Sacrificing his life so that his speeding motorcycle, chasing a traffic violator, would not strike and probably kill two happy children as they were darting across Foothill Blvd. for a theater matinee performance, Motorcycle Officer Scott Vernon Smith, 28, one of Monrovia’s most popular police officers, was fatally injured Sat., Dec. 16, 1939, when his vehicle leaped the curb at Ivy and Foothill, skidded across the sidewalk and crashed into the east end of the Lyric theater lobby.
Less than five minutes before the tragic accident, the sidewalk had been lined with more than a score of children awaiting the opening of the theater box office. Because the day was warm and children were standing in the hot sun, John Nylen, theater manager, opened the box office earlier than usual. Otherwise, the crash might have been even more tragic.
From statements of many witnesses interviewed by investigating officers, it has been definitely ascertained that Smith died as a sacrifice to keep from striking the two children.
Reconstructing the fatal ride of the motorcycle officer, police reported that he started the chase of a light cream-colored sedan, driver of which has not been learned, near Acacia Ave.
As Smith was nearing the corner of Ivy and Foothill, an automobile entered the intersection. Hearing the approaching siren, the driver stopped immediately. As Smith turned his motorcycle nearer the center of the intersection to pass by the vehicle, two children darted across the street from beyond the car.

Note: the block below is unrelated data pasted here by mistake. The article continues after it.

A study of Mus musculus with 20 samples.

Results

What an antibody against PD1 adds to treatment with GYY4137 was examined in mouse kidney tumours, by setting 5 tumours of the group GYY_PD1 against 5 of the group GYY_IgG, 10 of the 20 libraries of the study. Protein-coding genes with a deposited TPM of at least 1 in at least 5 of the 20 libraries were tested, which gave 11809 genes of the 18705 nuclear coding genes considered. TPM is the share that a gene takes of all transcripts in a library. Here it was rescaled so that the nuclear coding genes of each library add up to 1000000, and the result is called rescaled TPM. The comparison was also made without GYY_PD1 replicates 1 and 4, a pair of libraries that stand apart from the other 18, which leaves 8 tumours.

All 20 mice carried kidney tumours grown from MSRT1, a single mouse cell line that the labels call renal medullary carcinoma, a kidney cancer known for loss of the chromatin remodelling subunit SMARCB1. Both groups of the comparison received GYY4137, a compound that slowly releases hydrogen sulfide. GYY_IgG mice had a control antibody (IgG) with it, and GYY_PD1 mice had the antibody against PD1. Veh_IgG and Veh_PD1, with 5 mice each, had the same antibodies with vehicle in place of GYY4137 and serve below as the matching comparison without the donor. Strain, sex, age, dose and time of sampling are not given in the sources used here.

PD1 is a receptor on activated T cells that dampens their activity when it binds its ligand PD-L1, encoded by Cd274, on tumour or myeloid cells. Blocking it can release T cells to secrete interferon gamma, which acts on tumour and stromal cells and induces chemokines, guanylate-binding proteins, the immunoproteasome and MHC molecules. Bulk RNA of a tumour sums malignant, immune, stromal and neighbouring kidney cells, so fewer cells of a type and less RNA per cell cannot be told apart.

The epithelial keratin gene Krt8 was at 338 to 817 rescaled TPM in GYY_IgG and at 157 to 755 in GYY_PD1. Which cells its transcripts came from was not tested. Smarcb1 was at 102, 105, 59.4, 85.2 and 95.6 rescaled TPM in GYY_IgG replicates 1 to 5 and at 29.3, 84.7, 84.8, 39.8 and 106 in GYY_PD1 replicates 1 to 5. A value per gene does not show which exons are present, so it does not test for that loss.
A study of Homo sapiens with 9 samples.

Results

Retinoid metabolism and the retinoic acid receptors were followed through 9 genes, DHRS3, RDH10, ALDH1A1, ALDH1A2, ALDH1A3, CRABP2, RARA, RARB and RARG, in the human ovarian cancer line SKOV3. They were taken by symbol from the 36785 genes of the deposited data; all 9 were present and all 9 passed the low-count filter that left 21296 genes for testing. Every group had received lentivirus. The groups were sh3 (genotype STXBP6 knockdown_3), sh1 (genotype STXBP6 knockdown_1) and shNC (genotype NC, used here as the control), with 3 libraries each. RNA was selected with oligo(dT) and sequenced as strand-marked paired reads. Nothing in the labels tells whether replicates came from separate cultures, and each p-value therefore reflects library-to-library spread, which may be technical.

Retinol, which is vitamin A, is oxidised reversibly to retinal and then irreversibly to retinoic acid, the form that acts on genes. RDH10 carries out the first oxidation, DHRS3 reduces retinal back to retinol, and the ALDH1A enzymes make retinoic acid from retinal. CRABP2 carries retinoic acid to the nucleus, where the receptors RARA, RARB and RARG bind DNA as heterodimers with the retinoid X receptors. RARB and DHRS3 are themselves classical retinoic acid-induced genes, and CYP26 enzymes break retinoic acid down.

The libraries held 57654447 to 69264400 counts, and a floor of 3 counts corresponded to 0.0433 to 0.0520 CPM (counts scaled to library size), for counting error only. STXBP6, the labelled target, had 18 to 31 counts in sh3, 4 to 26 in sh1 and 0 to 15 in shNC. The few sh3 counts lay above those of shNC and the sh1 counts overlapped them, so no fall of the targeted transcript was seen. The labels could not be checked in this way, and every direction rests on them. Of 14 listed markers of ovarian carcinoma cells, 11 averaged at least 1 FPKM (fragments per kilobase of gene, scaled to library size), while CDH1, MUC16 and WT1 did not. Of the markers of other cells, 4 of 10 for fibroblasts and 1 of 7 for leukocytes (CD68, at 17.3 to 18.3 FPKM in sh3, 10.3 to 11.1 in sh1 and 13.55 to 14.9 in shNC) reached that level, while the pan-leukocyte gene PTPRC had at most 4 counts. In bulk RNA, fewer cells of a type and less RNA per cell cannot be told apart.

Realizing that he could not avoid striking the children, Smith did not hesitate a second. He swerved his motorcycle sharply to the left and headed toward the sidewalk.
Another obstacle loomed in his way, an automobile parked in front of the malt shop. Attempting to steer his speeding motorcycle from the vehicle, he crashed head-long into the east corner of the theater, a distance of 11 feet, cracking off stucco and striking his head on a steel re-enforcement rod. Dr. Robert Crusan, who was at the scene of the accident with his children, examined Smith at once and went to the hospital with the fatally injured officer.
Smith, 28, had been a member of the Monrovia Police Department since July 1, 1935. One of two department motorcycle officers, he had been constantly studying police methods and several months ago had completed a course in fingerprinting and was doing fingerprint work in addition to his motor duties.
Since joining the police department, Smith had been deeply interested in public safety for children, and spent much of his spare time with school children and Boy Scouts in effecting highway safety methods for children driving bicycles.
An active member of the Junior Chamber of Commerce, the young officer had headed the organization’s campaign for properly lighted bicycles the past two years and only last week sent letters to some 500 parents, urging them to buy bicycle lights for the children’s bicycles as a safety measure. Smith’s death was the first police fatality in the line of duty since “Tiny” Morris was killed more than 10 years ago. His death was also the first fatality of a city employee killed while on city duty since the city council established its own emergency fund and started to carry compensation insurance. Funeral services were conducted by Rev. Stanley Bond, at the First Christian Church. He was assisted by Rev. Quick of the Free Methodist Church. Interment was at the Live Oak Cemetery where services were conducted by the Monrovia Lodge No. 308, F.&A.M.
Smith was survived by his wife, Georgia; daughter, Barbara; step-mother, Amanda; three brothers, Leslie, Joseph and Harvey; four sisters, Mildred Thomas, Elizabeth Lotz, Hazel Lee, and Ruth Greenup; half brother, Stanley; and half sister, Beulah Lanham.